In 2019, Victoria’s Secret closed over 50 stores across North America due to lagging sales performance. Victoria’s Secret marketing campaigns featuring supermodel Angels no longer resonated with women who see themselves and their bodies in a different light.
Consumers react to market offerings according to their needs, values and preferences, as informed by their culture. Consumer countercultures develop in response to market offerings that go against a consumer group’s values. For example, the body positivity movement and the #MeToo campaign reflect the impact objectification has on many women.
These broad cultural experiences and expressions shape consumer reactions, which can vary from brand advocacy to abandonment. Consumer countercultures emerge as consumers abandon brands that no longer resonate with their individual and group values.
Often, a consumer who is a part of the counterculture will start a company as a challenger brand. A challenger brand develops and markets alternatives to mainstream offerings based on a mindset informed by its community’s values.
In response to mainstream lingerie labels, challenger brands like Lively, Naja and ThirdLove offer women products that embrace body positivity and foster a sense of community. These brands market a mindset that resonates with the aspirational values of their consumers by sharing their brand narratives in various forms and formats. For example, Naja’s ethos says, “Naja is a product of our passions and beliefs: a love for beautifully designed things, a bit of rebelliousness and a deep desire to make the world a better place.” Similarly, Lively features its Lively Movement, which is “about a mindset we want to share with women around the world. One that reminds, empowers and enables us all to live life doing what we love, with the people we love.”
Consumer countercultures and challenger brands exist across various industries. Popular social media brands like Facebook, Instagram, Twitter and YouTube are not immune to the development of countercultures. A Google search for “quit social media” returns over 259 million results featuring advice from authors, professors and health advisers on how to limit or even quit social media. Among these results is a popular Ted Talk with over 6.2 million views by Cal Newport, who suggests it is best to quit social media to succeed in the knowledge economy.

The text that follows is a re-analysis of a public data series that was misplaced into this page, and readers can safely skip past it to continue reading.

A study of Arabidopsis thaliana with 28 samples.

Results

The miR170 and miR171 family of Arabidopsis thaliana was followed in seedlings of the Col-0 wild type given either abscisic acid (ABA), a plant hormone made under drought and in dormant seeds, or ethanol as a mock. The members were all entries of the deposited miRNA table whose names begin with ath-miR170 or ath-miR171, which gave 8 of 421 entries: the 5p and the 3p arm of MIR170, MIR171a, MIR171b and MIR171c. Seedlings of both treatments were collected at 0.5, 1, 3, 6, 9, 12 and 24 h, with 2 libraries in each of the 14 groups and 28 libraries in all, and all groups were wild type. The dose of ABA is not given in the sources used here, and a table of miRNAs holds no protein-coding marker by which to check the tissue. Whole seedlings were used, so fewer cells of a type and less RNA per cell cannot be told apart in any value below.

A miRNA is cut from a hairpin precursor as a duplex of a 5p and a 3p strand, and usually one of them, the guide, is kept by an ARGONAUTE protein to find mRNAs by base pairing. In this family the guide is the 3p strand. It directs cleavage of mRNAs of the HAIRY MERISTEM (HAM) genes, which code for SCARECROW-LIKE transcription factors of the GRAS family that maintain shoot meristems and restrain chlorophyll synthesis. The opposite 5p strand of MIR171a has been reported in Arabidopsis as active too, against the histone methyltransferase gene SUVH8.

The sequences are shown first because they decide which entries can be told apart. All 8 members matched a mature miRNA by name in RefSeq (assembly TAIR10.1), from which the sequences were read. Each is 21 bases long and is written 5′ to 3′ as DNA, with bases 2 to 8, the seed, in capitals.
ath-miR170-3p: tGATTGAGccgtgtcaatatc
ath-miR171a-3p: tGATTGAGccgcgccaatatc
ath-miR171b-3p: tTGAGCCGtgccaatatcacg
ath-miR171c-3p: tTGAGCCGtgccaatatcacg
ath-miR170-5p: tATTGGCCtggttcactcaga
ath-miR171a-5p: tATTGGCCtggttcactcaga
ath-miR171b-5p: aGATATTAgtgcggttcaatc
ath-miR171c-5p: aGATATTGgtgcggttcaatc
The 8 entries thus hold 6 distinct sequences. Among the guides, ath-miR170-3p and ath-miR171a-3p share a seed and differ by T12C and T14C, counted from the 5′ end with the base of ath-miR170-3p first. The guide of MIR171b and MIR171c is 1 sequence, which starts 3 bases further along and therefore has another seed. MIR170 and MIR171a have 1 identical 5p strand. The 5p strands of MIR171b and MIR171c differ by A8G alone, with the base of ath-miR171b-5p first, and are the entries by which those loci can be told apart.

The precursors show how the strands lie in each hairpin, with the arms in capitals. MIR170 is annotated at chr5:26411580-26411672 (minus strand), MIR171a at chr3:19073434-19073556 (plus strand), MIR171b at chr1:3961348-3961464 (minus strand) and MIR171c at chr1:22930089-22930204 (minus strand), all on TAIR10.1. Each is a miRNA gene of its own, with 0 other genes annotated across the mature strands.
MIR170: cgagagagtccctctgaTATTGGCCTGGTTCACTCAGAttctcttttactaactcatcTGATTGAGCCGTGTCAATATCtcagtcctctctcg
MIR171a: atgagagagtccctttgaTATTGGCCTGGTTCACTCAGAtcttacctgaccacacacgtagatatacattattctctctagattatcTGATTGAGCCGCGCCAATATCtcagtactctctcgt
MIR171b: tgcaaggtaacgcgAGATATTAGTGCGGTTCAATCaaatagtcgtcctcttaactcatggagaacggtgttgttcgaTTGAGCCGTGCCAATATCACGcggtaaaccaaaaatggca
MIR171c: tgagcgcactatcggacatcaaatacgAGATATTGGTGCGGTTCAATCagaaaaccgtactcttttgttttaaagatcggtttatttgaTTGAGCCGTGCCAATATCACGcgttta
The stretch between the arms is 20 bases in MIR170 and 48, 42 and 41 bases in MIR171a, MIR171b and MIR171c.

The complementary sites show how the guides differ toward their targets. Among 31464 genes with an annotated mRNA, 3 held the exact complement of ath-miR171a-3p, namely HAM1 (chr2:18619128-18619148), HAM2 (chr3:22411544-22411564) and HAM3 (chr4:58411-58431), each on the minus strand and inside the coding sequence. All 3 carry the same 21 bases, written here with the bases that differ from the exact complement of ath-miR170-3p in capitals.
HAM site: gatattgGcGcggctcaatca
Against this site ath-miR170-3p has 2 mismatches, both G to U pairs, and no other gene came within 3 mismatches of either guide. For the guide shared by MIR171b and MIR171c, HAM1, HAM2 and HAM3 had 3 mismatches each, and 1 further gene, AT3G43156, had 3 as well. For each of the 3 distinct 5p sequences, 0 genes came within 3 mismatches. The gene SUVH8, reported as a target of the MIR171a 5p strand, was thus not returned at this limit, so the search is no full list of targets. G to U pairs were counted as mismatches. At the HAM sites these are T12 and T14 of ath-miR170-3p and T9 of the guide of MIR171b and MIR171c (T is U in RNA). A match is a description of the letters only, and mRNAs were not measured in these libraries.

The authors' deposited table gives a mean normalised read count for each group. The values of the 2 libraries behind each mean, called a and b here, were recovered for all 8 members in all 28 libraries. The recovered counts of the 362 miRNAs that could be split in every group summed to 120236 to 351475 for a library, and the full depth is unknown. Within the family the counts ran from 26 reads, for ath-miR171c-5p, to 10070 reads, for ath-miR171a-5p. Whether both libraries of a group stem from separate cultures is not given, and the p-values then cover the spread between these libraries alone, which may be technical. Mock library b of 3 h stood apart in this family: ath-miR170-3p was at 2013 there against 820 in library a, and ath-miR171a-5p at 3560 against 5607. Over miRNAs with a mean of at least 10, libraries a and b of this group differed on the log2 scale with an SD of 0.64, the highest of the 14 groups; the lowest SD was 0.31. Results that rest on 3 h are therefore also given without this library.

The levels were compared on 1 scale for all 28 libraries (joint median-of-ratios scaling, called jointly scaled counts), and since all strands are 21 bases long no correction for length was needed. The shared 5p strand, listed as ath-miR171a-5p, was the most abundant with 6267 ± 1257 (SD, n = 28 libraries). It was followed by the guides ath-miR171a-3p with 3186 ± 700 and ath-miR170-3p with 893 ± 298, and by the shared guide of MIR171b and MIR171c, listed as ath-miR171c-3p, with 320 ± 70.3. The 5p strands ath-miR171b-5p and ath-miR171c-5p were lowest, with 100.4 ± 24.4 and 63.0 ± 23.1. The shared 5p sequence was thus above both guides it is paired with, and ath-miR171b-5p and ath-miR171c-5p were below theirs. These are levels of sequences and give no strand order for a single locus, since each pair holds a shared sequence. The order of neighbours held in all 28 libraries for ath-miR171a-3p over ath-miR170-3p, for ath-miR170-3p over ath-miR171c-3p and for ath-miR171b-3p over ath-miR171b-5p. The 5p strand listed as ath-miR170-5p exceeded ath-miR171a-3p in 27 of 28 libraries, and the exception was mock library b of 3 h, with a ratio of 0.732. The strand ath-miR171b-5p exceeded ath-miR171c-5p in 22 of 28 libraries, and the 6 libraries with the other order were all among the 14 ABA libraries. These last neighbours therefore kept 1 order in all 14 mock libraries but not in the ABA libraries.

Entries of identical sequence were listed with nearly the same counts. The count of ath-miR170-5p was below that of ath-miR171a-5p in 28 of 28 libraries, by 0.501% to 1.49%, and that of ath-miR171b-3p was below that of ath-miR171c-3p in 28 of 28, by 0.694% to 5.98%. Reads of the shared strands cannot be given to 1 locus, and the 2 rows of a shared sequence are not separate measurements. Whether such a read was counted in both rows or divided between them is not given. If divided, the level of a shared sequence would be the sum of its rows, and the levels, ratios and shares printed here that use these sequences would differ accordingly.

In essence, the distraction and fractured attention that results from social media is too high a price to pay for the minimal value they provide. Those who resonate with Newport’s perspective see the adverse effects of social networks and attempt to abstain from using them.
The popularity of specific movements speaks to the growth of countercultures and challenger brands. In 2019, Netflix star Marie Kondo popularized the art of decluttering through her show Tidying Up With Marie Kondo. Her Instagram account includes 3.6 million followers, and her books have sold over 10 million copies worldwide. Upon the launch of her show, thrift stores saw a spike in donations from the decluttering frenzy, as reported by The Wall Street Journal.
Marie Kondo’s decluttering movement dovetails on minimalism, which “is a tool to rid yourself of life’s excess in favor of focusing on what’s important—so you can find happiness, fulfillment and freedom,” according to the minimalist practitioners Joshua Fields Millburn and Ryan Nicodemus. Their podcast, The Minimalist, has been downloaded more than 50 million times. The worldwide adoption of decluttering and minimalism is a response to the byproduct of rampant consumerism: having more stuff.
As Isaac Newton stated in his third law of motion, “for every action, there is an equal and opposite reaction.” For brands, the imperative is to understand consumer reactions. Shifts in consumer behavior often highlight opportunities for development and growth. YouTube addressed concerns over binge watching by installing a “take a break” feature on its Android and iPhone apps. Marriott International tapped into the needs and preferences of millennial travelers by creating boutique hotels that provide them with adventure and excitement.
Once-popular brands like Blockbuster, Borders, Kmart, Payless, Shopko and Toys “R” Us lost touch in offering their respective markets a compelling solution. In their wake, purpose-driven and authentic challenger brands have risen to address the needs of emerging consumer counterculture segments. To stay relevant, brands must not only address the current needs of their customers but must also explore countercultures that develop in reaction to their offerings.